How can we pass on our Catholic spiritual heritage to young people and nurture their faith and spiritual life, asks Virginia Ryan.
BY Virginia Ryan*
How can we pass on our Catholic spiritual heritage to young people in our midst and nurture their faith and spiritual life?
Maybe we are looking at the situation the wrong way around? Perhaps it is not so much about how we can pass on the faith to our children, but rather, how can I develop and enrich my own Catholic spiritual heritage so that I have a precious treasure, a treasure worth inheriting?
I started to think about things in a different way.
It is my children who have led me to a deeper and deeper relationship with God and with the Church. In truth, my children have been the primary spiritual teachers of my life – more than any bible, Church sacrament, minister or theologian. My children have taught me everything I know about the spiritual life: prayer, God, Jesus and the Church.
The birth of my first child utterly changed me. There was no preparation or warning or knowledge that equipped me for the event. I was taken into the wilderness where I was totally transformed. In the wilderness I began to understand who God is, who I truly am, and what really counts in my life.
So, what is it that my children have taught me?
1. I can’t give what I don’t have. I was aware that I needed to put the focus on myself and start investing in my own faith life and my own spiritual journey. My children were watching and listening and learning about how I saw the world and how I responded to love and suffering. What was I doing? They could see right through me: my faltering faith, my critical faith and my fabulous faith. We are the children of God, we are the Body of Christ, and we are the Church. It is not out there; it is in here.
2. In the demands and messiness of family life my children taught me to ask the really big questions. What is my purpose in life? Who would I die for? How do I want to live my life? What do I want them to inherit from me?
3. Love is more powerful than any other power in the universe. My children have led me into an experiential love which stretches me beyond anything I could have possibly imagined. In fact, this love changed me from the inside out. It decided everything. It is the only question and the only answer.
Slowly and quietly and constantly I began to think about God’s love for me. The imagery from the Christian scriptures began to be coloured more vividly: “I have called you by your name, you are mine… because you are precious in my eyes, because you are honoured and I love you”.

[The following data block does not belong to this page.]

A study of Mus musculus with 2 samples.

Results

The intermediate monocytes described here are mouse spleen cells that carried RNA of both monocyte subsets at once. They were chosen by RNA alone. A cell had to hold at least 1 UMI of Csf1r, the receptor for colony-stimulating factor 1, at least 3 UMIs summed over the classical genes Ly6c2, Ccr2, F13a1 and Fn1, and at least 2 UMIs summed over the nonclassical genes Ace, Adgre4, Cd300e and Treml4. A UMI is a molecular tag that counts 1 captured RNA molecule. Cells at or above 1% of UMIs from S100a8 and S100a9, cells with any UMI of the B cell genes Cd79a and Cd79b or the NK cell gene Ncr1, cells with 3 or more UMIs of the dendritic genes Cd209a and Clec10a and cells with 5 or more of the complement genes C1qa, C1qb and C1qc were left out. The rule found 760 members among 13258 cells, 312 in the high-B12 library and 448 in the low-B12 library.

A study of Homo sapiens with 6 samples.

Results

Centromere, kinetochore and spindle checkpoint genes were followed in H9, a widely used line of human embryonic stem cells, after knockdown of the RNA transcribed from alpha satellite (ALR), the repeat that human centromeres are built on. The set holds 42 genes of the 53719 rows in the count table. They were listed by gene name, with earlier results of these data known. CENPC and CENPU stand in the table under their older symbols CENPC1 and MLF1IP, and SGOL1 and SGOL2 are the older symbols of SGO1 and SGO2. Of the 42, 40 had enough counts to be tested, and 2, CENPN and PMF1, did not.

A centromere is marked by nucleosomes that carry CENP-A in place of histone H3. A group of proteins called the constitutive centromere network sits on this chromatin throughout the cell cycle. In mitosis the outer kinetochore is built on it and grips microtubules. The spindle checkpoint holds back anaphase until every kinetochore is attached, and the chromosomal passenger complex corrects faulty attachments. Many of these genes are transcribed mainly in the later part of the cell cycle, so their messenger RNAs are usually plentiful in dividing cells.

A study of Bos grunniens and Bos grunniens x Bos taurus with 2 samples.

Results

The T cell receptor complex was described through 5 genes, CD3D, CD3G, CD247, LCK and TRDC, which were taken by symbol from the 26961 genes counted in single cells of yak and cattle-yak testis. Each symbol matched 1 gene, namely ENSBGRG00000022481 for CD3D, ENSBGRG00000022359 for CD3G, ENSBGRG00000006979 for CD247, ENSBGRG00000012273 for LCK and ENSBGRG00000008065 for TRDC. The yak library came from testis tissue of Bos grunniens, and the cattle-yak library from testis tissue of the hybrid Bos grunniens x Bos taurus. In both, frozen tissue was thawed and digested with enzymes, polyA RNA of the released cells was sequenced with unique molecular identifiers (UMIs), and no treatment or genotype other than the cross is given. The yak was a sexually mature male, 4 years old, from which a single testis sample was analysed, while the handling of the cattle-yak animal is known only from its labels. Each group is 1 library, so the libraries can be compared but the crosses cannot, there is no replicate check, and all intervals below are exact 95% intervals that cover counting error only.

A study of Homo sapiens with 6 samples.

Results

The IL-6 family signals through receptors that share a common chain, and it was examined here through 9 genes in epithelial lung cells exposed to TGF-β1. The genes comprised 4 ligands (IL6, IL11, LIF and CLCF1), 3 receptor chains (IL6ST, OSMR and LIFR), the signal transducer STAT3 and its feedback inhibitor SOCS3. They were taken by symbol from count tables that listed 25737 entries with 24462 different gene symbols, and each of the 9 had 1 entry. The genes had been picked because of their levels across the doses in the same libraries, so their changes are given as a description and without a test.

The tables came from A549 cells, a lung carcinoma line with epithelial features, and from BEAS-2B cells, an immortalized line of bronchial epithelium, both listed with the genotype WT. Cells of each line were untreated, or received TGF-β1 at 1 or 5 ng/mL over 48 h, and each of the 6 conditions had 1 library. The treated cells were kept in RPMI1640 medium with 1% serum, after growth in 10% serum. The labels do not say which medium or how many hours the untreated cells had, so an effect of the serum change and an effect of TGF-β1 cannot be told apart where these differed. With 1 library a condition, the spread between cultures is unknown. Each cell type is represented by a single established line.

Slowly and quietly and constantly, I heard afresh the words of the Gospel and began to appreciate the humanity and divinity of Jesus Christ. His love drew me in because he loves with his whole heart, his whole soul, his whole mind, and his whole strength.
4. My children taught me about suffering. Suffering is an inevitable part of loving. As American writer, Elizabeth Stone said, “Making the decision to have a child is momentous. It is to decide forever to have your heart walking around outside your body”. Suffering is the main portal through which your heart and soul are opened up to the fragility and vulnerability of yourself. It is suffering uninvited, unexpected and unwelcome which makes you cry out again and again: God help me, God hold me, God be with me! My children taught me that I cannot get lost in suffering because there is resurrection.
5. The newborn baby taught me very early on that I am powerless over people, places and things and not in control of the universe, the world, my Church or my community. In fact, it is difficult for me to manage or even know myself. Through this insight I allowed God in, and from time to time, I even allow him to take the steering wheel.
6. The adolescent child taught me the hard way how to pray. It is my antidote to worry. I pray all day and in all ways for my children. I send them text messages telling them I’m praying for them. I send them individual and group emails about how I’m praying for them or going to Mass for their intentions. I never miss an opportunity to say that I am praying for their happiness, their exams, their decisions, their uni presentations and their boyfriends or girlfriends. Sometimes I embarrass them by praying before every evening meal; whoever is at the table.
7. My adult children show me mystery. There is a vast galaxy of mystery at the heart of life; give into it. My children are not me – they are discovering the world, what works and what they believe for themselves. The whole community and the whole world will etch its reality in their soul. Different people, ones I have never met or know, will come in and remake my children. I will sit by and watch and wait and give advice when asked because I trust that God in his infinite wisdom will be their guide. It is their spiritual journey.
It’s my experience that our faith is taught and caught. I have had to ask myself: what are my children likely to catch? The best way I’ve discovered to nurture faith and a spiritual life in young people is to keep the focus on me and spend time, love and energy developing my own relationship with God and the Church.
* Virginia Ryan has been an educator for 30 years. She is an education officer within the Broken Bay Diocese Catholic School Office Mission Team where she designs and delivers faith formation programs for school leadership teams, school staff and parents. She is a Member of Good Samaritan Education and a founding member of The Broken Bay Institute.